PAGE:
Iraqi government's reports that the ancient archaeological sites of Nimrud and Hatra were completely destroyed and leveled to the ground by the Islamic State (Isis) have been disputed by an international association of archaeologists citing satellite imagery and local professional sources.
Claims that Nimrud, an Assyrian 13th century BC site, and Hatra, a world heritage site blending Hellenistic and Roman architecture with Eastern decorative elements, were "bulldozed" by IS were first reported by the Iraqi ministry of tourism and antiquities.
The destruction would be the latest in a series of attacks on ancient artefacts and antiquities in Iraq and Syria in the name of an iconoclastic and strict interpretation of Islamic Law by IS. The jihadist group draws inspiration from early Islamic history, rejects religious shrines and condemns Iraq's majority Shi'ite Muslims as heretics.
Irina Bokova, head of the UN cultural agency Unesco, called the alleged demolition of Hatra "a turning point in the appalling strategy of cultural cleansing under way in Iraq".
But Marc Lebeau, Belgian archaeologist and founder of non-profit Shirin (Syrian Heritage in Danger: an International research initiative and network), told IBTimes UK that these "single-sourced statements" are not supported by any sources on the ground.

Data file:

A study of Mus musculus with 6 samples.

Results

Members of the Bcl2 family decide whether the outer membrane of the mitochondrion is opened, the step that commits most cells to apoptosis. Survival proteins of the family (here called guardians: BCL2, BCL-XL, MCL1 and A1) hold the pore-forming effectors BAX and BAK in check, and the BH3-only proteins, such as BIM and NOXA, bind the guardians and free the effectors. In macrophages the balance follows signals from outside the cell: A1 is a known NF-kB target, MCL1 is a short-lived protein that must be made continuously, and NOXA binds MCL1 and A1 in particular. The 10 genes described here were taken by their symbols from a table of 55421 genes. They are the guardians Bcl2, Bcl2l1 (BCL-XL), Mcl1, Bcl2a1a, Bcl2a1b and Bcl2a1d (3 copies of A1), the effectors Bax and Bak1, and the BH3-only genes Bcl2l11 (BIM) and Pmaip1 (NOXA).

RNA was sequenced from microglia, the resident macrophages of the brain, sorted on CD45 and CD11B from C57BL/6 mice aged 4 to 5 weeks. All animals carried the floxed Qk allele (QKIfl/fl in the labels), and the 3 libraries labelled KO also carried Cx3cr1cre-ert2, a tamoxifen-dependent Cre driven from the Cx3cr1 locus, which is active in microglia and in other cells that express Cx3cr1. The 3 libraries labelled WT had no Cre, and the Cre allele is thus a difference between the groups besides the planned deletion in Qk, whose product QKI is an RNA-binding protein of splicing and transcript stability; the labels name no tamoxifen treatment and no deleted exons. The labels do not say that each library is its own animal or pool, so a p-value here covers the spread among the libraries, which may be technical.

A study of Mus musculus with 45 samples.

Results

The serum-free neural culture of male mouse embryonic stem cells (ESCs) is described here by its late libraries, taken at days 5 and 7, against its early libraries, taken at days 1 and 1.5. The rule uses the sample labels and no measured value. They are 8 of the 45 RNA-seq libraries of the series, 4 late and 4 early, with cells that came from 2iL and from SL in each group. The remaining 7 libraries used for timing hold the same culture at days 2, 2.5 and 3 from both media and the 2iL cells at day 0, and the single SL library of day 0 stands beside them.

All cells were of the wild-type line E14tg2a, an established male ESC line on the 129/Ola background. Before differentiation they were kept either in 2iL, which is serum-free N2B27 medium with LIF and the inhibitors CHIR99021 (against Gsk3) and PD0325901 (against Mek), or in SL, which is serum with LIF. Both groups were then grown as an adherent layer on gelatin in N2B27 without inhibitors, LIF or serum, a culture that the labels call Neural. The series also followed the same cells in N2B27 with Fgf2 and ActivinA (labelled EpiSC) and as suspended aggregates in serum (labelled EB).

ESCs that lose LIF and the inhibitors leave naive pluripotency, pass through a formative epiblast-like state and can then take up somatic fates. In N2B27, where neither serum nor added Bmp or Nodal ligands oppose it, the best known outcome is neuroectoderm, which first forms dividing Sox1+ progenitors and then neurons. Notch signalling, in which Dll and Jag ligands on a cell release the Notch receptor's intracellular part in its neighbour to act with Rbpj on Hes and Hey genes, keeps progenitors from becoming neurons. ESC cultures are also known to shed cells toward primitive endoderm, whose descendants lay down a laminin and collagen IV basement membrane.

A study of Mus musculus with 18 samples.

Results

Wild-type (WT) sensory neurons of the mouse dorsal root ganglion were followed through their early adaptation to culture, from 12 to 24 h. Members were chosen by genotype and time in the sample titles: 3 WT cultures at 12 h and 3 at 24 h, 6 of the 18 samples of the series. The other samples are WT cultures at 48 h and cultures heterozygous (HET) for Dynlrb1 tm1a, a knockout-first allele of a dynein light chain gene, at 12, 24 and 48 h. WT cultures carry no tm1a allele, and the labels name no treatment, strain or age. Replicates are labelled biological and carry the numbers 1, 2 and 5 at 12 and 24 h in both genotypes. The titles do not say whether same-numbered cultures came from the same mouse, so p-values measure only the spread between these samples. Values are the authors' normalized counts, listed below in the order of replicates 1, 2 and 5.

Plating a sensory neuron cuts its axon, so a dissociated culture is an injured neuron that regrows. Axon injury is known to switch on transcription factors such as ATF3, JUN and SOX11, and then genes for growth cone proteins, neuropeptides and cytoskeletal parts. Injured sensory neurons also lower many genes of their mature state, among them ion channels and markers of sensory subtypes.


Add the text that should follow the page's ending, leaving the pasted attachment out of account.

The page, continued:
"I had some doubts at the beginning. I tried to cross check this information with Asor, with their sources and partners. We also have our own sources in Mosul and Nineveh province. They are all professionals and able to access any damage. They didn't say anything. If something had happened they would've told us immediately. We don't have any confirmation from these sources," he said.
"I told my doubts to the World Heritage Group and a day after I had some confirmation from them following their own sources, most probably UNOSat imagery, that my doubts were confirmed."
The most recent satellite imagery from UNOSat via the Unesco World Heritage Centre "do not reveal any massive human/mechanical presence, nor visible destruction" in the Nineveh province areas in question, according to Lebeau, who added that nonetheless we need to be cautious about IS.
"While not minimising the destructive actions of the mentioned jihadist group and reminding the fate of the lamassû of Nergal's gate at Nineveh, the Jonas' Tomb in Mosul and other buildings of cultural value and religious importance, what already constitutes a major cultural crime, we insist on the necessary cross-checking of the information," a statement on Shirin website reads.
Unesco confirmed to IBTimes UK that satellite images show that the sites of Nimrud and Hatra "have not been completely razed to the ground" but added that it is difficult to tell what really happened.
"The images' resolution is really low so it's difficult to get a conclusive result. It's not clear whether damages have taken place to the site. We're in the process of analysing the images and comparing them to the previous ones taken at the site," said Giovanni Boccardi of Unesco's World Heritage Centre.
He said that many sculptures and decorations "could have been destroyed" by the Islamic State. "It's difficult to assess the situation from the satellite pictures. Even if they only destroyed a part of the site or knocked off a decoration, it would still be a total catastrophe."